But in most cases, the employer is paying a major share.

Here are some examples of what the total cost of an employee's medical insurance premium can be for me, a small-company owner with 25 employees: At Blue Shield, the annual cost for a 35-year-old is $2,616. For someone age 55, the total annual cost is $6,132. This is for a Preferred Provider Plan (a PPO pretending to be an HMO) that has a deductible of $2,250 and that limits the choice of doctors and hospitals to a group that has negotiated a fee package.

Since the deductible of $2,250 must be paid with out-of-pocket cash until the policy begins to pay anything, I, like many employers, now offer to pay (self-insure) whatever expenses fall within the deductible. On the average, in my experience, the cost of picking up the deductible has been about 60 percent of whatever the total exposure might have been for all the employees and dependents covered under the plan. On average, I'm paying $1,350 of the deductible amount (60 percent times $2,250.) The total annual cost for the 35 year old is $2,616 plus the $1,350 for a total of $3,966.

For the 55-year-old, we have total annual premium costs of $6,132 plus the $1,350 for a total of $7,482. In larger companies, there is one premium amount based on the average age, but it is constructed using rates based on age brackets.

If we include an employee who is covering a spouse and children, the total cost for the 35-year-old (including the employer's average cost of the deductible amount reimbursement) is $9,698. For the 55-year-old, the total annual cost is $15,186. If these costs rise by what some have said could be as much as 30 percent for companies renewing their plans, we'll be looking at $12,607 for the 35-year-old with a family and $19,741 for the 55-year-old couple with children.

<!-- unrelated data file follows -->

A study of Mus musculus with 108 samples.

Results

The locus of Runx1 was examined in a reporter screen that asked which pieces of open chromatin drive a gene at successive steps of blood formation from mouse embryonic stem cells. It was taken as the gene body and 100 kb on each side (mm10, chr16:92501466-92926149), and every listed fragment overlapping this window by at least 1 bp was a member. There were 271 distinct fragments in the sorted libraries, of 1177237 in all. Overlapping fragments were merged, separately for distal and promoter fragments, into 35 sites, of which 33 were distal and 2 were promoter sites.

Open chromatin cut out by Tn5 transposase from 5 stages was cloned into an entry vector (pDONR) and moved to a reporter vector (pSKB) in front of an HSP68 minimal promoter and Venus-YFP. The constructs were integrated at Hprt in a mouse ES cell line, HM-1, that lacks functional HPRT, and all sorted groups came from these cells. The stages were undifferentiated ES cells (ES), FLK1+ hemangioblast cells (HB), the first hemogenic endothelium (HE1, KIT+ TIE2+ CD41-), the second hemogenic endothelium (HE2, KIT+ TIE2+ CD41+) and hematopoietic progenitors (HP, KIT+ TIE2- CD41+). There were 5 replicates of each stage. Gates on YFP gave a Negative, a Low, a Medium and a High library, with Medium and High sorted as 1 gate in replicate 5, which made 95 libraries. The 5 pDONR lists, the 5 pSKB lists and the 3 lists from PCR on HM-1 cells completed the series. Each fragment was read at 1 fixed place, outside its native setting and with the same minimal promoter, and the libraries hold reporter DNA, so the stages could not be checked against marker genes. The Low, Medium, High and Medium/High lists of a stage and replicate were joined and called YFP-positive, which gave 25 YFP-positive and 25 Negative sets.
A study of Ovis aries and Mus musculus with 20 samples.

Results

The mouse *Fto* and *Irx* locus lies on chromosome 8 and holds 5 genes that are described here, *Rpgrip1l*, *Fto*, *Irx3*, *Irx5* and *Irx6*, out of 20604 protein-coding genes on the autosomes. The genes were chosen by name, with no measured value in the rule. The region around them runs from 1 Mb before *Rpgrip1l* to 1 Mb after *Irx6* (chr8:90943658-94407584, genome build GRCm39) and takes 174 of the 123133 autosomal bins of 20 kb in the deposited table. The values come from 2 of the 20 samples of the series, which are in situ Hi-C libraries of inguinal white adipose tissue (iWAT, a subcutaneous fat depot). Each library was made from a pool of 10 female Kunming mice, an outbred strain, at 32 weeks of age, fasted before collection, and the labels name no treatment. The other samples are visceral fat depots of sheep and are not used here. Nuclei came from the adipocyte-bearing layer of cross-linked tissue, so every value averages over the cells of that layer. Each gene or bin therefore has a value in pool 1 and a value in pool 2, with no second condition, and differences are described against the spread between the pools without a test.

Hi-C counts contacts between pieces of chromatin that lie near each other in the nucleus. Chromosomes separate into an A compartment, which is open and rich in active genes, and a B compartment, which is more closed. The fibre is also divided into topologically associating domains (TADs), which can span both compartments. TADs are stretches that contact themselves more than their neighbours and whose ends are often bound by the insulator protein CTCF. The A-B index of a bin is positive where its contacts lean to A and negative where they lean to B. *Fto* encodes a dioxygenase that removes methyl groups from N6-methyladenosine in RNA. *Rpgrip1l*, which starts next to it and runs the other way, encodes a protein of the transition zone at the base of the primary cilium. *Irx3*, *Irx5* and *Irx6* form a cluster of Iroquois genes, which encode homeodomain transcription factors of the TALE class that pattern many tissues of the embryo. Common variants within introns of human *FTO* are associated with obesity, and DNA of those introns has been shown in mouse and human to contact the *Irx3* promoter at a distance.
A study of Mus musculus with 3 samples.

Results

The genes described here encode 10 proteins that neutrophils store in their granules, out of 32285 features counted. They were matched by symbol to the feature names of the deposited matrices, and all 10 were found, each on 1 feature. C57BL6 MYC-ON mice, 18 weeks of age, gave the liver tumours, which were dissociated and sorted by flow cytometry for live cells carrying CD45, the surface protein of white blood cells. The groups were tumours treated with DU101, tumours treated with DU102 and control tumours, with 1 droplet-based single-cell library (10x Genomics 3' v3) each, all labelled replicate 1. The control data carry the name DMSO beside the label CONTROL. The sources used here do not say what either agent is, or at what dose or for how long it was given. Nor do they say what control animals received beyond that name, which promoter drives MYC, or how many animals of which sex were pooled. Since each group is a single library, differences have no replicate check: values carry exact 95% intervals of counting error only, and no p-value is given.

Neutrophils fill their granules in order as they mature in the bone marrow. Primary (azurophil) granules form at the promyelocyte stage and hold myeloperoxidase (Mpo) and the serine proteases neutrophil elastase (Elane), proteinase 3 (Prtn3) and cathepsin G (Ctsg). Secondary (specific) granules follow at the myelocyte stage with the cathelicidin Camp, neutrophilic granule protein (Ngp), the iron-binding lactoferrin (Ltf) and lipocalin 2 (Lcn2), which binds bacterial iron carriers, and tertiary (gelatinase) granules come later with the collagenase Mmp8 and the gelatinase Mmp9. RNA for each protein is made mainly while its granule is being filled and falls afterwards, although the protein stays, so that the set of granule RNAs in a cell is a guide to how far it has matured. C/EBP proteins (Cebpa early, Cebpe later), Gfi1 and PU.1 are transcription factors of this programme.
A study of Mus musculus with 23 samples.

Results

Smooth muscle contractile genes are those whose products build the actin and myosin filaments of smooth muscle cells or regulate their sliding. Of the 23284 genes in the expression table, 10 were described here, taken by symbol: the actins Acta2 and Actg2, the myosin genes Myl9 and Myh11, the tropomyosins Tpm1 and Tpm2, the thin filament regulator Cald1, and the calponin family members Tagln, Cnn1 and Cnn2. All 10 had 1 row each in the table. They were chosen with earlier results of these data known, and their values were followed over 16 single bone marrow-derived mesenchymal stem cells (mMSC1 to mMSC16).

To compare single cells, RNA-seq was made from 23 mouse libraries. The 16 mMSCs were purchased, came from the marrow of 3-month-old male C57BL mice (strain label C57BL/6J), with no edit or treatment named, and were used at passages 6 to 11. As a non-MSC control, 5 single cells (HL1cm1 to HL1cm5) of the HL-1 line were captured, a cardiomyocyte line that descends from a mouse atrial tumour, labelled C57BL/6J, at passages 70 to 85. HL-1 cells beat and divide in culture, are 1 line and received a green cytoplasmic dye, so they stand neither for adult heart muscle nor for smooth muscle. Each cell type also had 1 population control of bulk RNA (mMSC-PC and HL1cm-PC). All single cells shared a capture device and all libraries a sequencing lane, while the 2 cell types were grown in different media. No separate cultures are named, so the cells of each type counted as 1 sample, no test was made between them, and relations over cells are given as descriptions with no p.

The average employee doesn't realize how much these costs impact and limit the rest of their compensation - or, for that matter, the cost of the products or services they are trying to sell. Most employees don't understand that from the employer's perspective, what it pays for health care is simply a component of their pay, so that big hikes in premiums have an impact on employee salaries.

The numbers above should disabuse anyone of that misimpression, and it should help us understand why salary increases won't be all that forthcoming if America doesn't get control of its health care costs. For someone making $40,000 who is 55 with children, this increases their cost to the employer by 50 percent. Imagine what this does to discourage the creation of a new job.

What's also maddening is that 30 percent of the money is spent on administration. California law only requires insurance companies to spend 70 percent on actual medical services. By comparison, the administrative cost for the Veteran's Administration health care program is 5 percent.

If it does nothing else, the forced transparency of the new health care legislation will launch what will be an epic battle between the medical community, insurance companies and the government. As they bludgeon each other into submission, the result in whatever form it takes should reduce insurance premiums by at least twice what some of us will expect to pay in additional taxes.

Given the above numbers, and examples set by other countries, there is plenty of opportunity to save money.